The Government Digital Service has set up an advice and assurance community to discuss issues about digital standards, as it comes to the end of a discovery project on service standards assessment.
The advice and assurance community meeting to discuss new systems – Photo credit: GDS
The Treasury first set out spending controls for IT and digital projects as far back as 2010, and the Digital Service Standard and Technology Code of Practice were brought in a few years later to make it clear what was expected of departments’ tech services.
However, some departments find meeting the standards difficult or time consuming, and the standards assurance service team has indicated it is rethinking the process to encourage teams to think about the standards earlier on.
“We thought there must be a better way to assure and help technology investment,” said Chad Bond, head of service standards assurance, and Roger Bearpark, head of technology advisers at GDS, in a blogpost.
“The aim was to encourage earlier engagement and greater collaboration, using clear standards such as the Technology Code of Practice and Digital Service Standard to assess pipelines of upcoming technology investments.”
They worked with the Technology Leaders and Digital Leaders networks within government to run a discovery with what they describe as a “large department” to look at the benefits of the idea.
This was then used to push for a larger pilot across three departments over the course of six months – these pilots are concluding soon, the pair said.
They said that more information would be available after the results have been analysed.
“We are not going to write a policy that impacts government and expect it to conform. This should be a gradual, iterative process built on the needs and inherent systems used within departments,” Bond and Bearpark wrote.
As part of this, they have set up an advice and assurance community for people managing governance and financial decisions on technology across government.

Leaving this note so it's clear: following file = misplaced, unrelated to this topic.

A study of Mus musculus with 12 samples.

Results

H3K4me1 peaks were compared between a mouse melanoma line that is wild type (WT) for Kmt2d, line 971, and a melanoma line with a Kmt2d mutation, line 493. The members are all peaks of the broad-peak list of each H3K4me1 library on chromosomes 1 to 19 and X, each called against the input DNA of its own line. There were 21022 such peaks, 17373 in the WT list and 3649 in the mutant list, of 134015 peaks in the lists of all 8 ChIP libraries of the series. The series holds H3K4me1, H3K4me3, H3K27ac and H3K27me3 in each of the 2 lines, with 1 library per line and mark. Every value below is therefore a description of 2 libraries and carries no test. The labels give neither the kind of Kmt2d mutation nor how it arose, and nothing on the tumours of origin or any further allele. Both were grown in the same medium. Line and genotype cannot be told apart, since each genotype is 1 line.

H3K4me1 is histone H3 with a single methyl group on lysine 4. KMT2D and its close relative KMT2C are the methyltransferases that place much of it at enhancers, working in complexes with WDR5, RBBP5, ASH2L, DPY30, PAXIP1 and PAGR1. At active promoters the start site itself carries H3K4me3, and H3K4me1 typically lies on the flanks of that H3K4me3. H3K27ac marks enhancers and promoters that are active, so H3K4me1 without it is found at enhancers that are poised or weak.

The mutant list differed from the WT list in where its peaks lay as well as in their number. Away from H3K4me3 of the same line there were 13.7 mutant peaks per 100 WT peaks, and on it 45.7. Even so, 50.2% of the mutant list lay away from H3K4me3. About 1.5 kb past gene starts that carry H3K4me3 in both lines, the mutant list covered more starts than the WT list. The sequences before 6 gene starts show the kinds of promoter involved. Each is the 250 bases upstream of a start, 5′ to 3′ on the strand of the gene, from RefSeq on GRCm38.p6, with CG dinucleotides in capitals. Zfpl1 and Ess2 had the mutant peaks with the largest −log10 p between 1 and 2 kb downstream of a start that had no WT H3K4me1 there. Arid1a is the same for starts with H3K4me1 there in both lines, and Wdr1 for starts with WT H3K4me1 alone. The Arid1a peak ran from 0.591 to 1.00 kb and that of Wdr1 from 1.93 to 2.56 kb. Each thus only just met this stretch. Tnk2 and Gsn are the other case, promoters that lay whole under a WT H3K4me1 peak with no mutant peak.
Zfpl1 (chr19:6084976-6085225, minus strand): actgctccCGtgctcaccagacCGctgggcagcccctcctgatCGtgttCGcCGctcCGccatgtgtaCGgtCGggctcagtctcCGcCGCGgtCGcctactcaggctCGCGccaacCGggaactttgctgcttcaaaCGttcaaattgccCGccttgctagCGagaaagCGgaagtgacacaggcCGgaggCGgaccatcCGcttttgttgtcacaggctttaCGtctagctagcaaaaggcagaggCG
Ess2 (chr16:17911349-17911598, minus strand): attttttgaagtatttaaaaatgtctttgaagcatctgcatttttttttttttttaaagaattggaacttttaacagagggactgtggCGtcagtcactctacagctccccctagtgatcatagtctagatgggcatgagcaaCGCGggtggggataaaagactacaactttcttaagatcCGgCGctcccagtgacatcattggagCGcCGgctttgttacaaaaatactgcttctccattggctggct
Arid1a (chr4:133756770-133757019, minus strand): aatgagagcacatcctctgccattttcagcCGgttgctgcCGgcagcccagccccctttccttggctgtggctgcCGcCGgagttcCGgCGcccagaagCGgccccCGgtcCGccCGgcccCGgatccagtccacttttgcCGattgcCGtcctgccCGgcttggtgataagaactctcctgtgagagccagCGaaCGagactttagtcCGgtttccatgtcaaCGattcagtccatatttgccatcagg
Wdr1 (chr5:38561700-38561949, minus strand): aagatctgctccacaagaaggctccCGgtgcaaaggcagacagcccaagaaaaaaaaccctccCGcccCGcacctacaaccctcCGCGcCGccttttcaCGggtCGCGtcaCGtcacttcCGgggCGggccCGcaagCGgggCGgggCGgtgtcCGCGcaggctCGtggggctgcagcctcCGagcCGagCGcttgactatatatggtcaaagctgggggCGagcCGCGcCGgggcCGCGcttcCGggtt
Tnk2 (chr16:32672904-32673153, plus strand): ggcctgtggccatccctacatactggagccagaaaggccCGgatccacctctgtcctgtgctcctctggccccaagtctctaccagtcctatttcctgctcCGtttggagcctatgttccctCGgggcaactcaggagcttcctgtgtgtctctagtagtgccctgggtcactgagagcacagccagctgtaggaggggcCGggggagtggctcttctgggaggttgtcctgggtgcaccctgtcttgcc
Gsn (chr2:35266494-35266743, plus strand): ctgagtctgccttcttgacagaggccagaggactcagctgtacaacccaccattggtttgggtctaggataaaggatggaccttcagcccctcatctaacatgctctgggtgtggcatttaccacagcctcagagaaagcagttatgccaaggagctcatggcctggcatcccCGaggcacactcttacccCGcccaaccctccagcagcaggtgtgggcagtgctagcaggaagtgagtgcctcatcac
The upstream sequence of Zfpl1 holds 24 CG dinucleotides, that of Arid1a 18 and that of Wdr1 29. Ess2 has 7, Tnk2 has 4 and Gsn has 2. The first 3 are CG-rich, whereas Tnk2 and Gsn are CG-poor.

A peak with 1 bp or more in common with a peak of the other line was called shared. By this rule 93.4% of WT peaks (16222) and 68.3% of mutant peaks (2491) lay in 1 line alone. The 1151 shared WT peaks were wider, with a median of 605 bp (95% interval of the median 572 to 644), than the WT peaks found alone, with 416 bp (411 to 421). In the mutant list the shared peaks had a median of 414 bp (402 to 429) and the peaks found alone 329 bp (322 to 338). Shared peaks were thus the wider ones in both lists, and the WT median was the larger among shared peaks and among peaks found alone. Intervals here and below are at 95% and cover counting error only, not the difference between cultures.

The pair said that more than 50 people have attended the meetings – the second of which was held this month – and that they were holding workshops to build consensus and test approaches and systems.
“We were all working towards achieving the same goal: making things better and transforming technology approvals in government,” the blogpost said.
The group is still open for members, and the post said that anyone wanting to join needs to request access using their government email address.
The blogpost comes just a day after one from Emily Hall-Strutt, product manager for service standard assessments for internal products at the Ministry of Justice, which criticised the assessment process used to ensure products are meeting the standards.
Describing it as a “pretty painful” process that “caused disruption to delivery and stress for teams, Hall-Strutt said the MoJ was trialling “continuous service review”, where a peer reviewer would sit in on a project throughout design and delivery to ensure they meet the standard as the project goes along.
Hall-Strutt said that her team had been in communication with GDS about the work, acknowledging that the group was running its own discovery process.
A spokeswoman for GDS confirmed to PublicTechnology that the team had finished that discovery process but that it was not yet in the position to discuss the outcome.